By Katy Savage
Consultants are gathering community feedback for the new Velomont Trail throughout the state with the help of a $140,000 Vermont Outdoor Recreation Economic Collaborative (VOREC) grant.
The consultants from SE Group in Burlington are holding eight open houses to understand concerns pertaining to trail use, conservation and trail design.
“I think the opportunity to build a brand new experience all the way across the board is just exciting,” said Dayton Crites, a senior outdoor recreation planner for SE Group. “I think something like this isn’t just about trails outside their backyard, it’s something for businesses to be involved in.”
The vision is to create an end-to-end mountain bike trail that extends the length of the state and covers about 485 miles with huts along the way for overnight users. Trail building started in 2019 in Rochester and is expected to take about a decade to finish.
“We really want to get a trail that reaches everybody,” Crites said, explaining so far people have been most concerned about accessibility.
Multiple state agencies, including Green Mountain National Forest and state parks are working collaboratively on the project.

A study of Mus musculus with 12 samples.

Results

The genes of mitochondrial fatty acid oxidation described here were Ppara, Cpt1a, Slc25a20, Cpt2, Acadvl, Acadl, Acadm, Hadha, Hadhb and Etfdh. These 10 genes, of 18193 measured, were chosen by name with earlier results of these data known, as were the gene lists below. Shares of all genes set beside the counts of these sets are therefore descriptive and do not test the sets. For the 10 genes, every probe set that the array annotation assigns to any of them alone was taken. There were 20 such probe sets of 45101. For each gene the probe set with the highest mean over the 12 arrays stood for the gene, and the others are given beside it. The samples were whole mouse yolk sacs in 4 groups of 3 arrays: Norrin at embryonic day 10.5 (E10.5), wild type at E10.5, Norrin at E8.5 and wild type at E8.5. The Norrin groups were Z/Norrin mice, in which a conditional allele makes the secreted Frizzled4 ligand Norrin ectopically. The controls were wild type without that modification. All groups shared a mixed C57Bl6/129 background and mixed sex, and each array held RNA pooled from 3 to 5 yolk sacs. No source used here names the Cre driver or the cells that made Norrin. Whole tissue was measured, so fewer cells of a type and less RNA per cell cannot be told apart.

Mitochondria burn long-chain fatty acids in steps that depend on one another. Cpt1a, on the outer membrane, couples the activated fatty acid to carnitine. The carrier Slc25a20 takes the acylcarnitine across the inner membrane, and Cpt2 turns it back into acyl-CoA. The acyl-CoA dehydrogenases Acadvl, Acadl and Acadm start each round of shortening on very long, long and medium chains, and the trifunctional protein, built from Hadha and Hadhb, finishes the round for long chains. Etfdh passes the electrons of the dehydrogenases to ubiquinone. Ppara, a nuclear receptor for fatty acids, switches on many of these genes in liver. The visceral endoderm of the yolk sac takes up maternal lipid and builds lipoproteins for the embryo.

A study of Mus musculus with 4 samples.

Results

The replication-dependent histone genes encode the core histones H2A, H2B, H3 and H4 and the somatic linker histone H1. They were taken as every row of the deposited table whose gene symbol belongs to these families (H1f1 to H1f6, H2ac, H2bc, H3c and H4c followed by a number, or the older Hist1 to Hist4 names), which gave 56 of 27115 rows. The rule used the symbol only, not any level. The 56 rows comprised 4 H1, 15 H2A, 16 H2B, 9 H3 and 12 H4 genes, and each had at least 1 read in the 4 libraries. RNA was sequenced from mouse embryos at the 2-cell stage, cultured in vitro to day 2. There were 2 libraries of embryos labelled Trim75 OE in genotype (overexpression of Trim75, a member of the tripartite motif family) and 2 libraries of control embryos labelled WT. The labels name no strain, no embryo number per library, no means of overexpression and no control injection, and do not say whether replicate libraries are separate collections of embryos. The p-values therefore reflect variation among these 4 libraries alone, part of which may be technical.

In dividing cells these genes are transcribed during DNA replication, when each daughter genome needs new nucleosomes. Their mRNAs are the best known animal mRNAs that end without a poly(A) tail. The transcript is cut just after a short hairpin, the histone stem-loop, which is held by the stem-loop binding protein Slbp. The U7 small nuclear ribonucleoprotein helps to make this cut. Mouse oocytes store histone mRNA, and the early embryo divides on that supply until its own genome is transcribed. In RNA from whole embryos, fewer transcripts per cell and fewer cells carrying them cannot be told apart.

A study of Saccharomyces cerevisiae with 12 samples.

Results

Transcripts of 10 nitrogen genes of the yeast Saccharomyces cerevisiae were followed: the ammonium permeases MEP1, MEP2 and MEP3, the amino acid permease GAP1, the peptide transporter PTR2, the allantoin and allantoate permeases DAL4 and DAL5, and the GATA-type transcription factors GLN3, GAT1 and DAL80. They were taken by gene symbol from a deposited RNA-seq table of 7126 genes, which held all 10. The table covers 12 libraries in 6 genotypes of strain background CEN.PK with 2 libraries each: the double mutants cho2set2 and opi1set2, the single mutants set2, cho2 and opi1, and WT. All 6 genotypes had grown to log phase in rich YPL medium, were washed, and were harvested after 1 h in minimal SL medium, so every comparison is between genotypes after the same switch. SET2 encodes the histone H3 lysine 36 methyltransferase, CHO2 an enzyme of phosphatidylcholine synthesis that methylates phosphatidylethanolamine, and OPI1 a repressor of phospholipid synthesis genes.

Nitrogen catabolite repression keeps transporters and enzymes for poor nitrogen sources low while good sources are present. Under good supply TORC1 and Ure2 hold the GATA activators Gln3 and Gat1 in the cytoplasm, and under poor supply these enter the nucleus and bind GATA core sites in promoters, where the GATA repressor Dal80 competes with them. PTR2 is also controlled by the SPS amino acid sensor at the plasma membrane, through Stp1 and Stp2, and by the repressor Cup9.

“We really want to zoom out a little bit and hear from members of the community who are not in the project and give them the opportunity to voice any concerns or just ask questions about elements of the trail and the hut network and really just help inform our decision making going forward,” said RJ Thompson, the executive director of Vermont Huts Association.
Phase one of the Velomont will connect Brattleboro and the southern border to the Stratton area. Phase two will connect the Mendon area to Warren and the final phase will connect the Lamoille Valley Rail Trail between Morrisville and St. Johnsbury.
There are 13 huts in the state so far. The goal is to have one every 10-15 miles of the Velomont Trail, with 30-45 once complete.
The organizers have received around $7 million in federal and state grants so far. They expect the total project will cost around $20 million.
A 2020 economic impact report found that Velomont could have a $6.2 million annual economic impact, creating 91 full-time jobs and $685,000 in tax revenue.
Though the trail will extend the entire length of the state, the consultants predict only 1-2% of users will use the trail for that purpose. An estimated 20% of users will use the trail overnight.
The open houses have been held at mountain bike trailheads around the state and have been well attended with refreshments provided. The last open house is scheduled for the St. Johnsbury welcome center Oct. 10 at 6 p.m.
“The connectivity element of the vision encompasses not only mountain bike connectivity, but also local mobility connected from a broader bicycle/pedestrian/transportation context and supports many other elements of the vision framework such as raising local quality of life and access to outdoors,” the consultants said in documents.
Results of the study are expected later this year. The results will be used to develop a master plan for the trail network.